The S&P 500 Index returned +0.80% during the first quarter after getting off to a bad start with a 3% decline in January.
Interest rates continue to hover at near-zero levels as the US Federal Reserve has been reluctant to raise the short-end interest rate.
Meanwhile, long-term rates have declined across the globe with the exception of Greece due to its weak finances.
The creditworthiness of Greek debt has been in question for some time. The country may need leave the euro and return to the drachma.
In Europe and Japan, central banks are hoping that quantitative easing programs can kickstart their economies.
China has opened up its stock exchanges in Hong Shanghai exchanges. Kong and
A new program is giving foreigners greater access to China’s mainland ‘A’ shares through the Hong Kong exchange.
In addition, mainlanders are getting access to Hong Kong listed shares through the Shanghai exchange.
During the first quarter, I was a net buyer, initiating six new positions and adding to one existing position in the Prudent Value portfolio.
Our biggest acquisition in the quarter was Third Point RE (TPRE).
TPRE is a Bermuda-based specialty property and casualty reinsurance company. The company operates in two segments: Property and Casualty Reinsurance and Catastrophe Risk Management.
TPRE also owns investments, which are held in a separate account and managed by Third Point LLC on substantially the same basis as its main hedge funds.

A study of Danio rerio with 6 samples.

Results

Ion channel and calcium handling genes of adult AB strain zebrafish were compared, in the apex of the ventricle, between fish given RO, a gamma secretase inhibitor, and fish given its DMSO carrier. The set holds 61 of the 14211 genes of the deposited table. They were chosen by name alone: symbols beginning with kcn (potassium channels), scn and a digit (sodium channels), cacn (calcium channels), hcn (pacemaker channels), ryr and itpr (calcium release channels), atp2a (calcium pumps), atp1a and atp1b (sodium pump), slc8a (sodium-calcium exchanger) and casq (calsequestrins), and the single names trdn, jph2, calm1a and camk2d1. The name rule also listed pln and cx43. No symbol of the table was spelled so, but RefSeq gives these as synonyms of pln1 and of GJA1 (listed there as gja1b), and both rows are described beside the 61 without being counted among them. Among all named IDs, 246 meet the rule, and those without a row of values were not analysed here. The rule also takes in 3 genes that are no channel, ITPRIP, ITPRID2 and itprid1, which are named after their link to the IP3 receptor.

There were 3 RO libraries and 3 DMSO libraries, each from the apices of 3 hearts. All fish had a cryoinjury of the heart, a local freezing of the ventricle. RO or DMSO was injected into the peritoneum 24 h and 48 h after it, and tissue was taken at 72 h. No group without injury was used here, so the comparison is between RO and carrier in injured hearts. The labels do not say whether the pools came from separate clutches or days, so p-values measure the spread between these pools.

The company’s investment manager is managed by Third Point LLC, which is wholly owned by Daniel S. Loeb.
Third Point Partners L.P., which is Third Point LLC’s oldest fund, has reported a compounded annualized return of approximately 21% (net of fees) from its formation in June 1995 through December 31, 2012.
Year-to-date performance through March 31, 2015 are as follows:
I like the fact the investment portfolio includes a short book which can serve as a protection in the event of an another big financial crisis or Great Recession 2.0.
Additionally, the combined-ratio on the insurance underwriting is approaching 100, which means the cost of float (funds that the company holds to invest before claims are paid out) is becoming close to fre
As we enter the second quarter, I remain cautiously optimistic in this dovish monetary environment.
I’m currently holding cash and low duration fixed-income ETFs, which hurt us today, but should benefit us during times of market duress (2000-2002 and 2008, to name a few).
I aim to protect capital first and create long-term equity-like returns second. Prudent Value invests across the capital structure, asset classes, market caps, industries, geographies, and wherever value can be found.//
Subscribe to our once-weekly email newsletter and get the best posts delivered to you in one convenient place, to browse at your leisure://
The investments discussed are held in client accounts as of April 29, 2015. These investments may or may not be currently held in client accounts. The reader should not assume that any investments identified were or will be profitable or that any investment recommendations or investment decisions we make in the future will be profitable.
The post Doves rule at global central banks appeared first on Smarter InvestingCovestor Ltd. is a registered investment advisor. Covestor licenses investment strategies from its Model Managers to establish investment models. The commentary here is provided as general and impersonal information and should not be construed as recommendations or advice. Information from Model Managers and third-party sources deemed to be reliable but not guaranteed. Past performance is no guarantee of future results. Transaction histories for Covestor models available upon request. Additional important disclosures available at http://site.covestor.com/help/disclosures.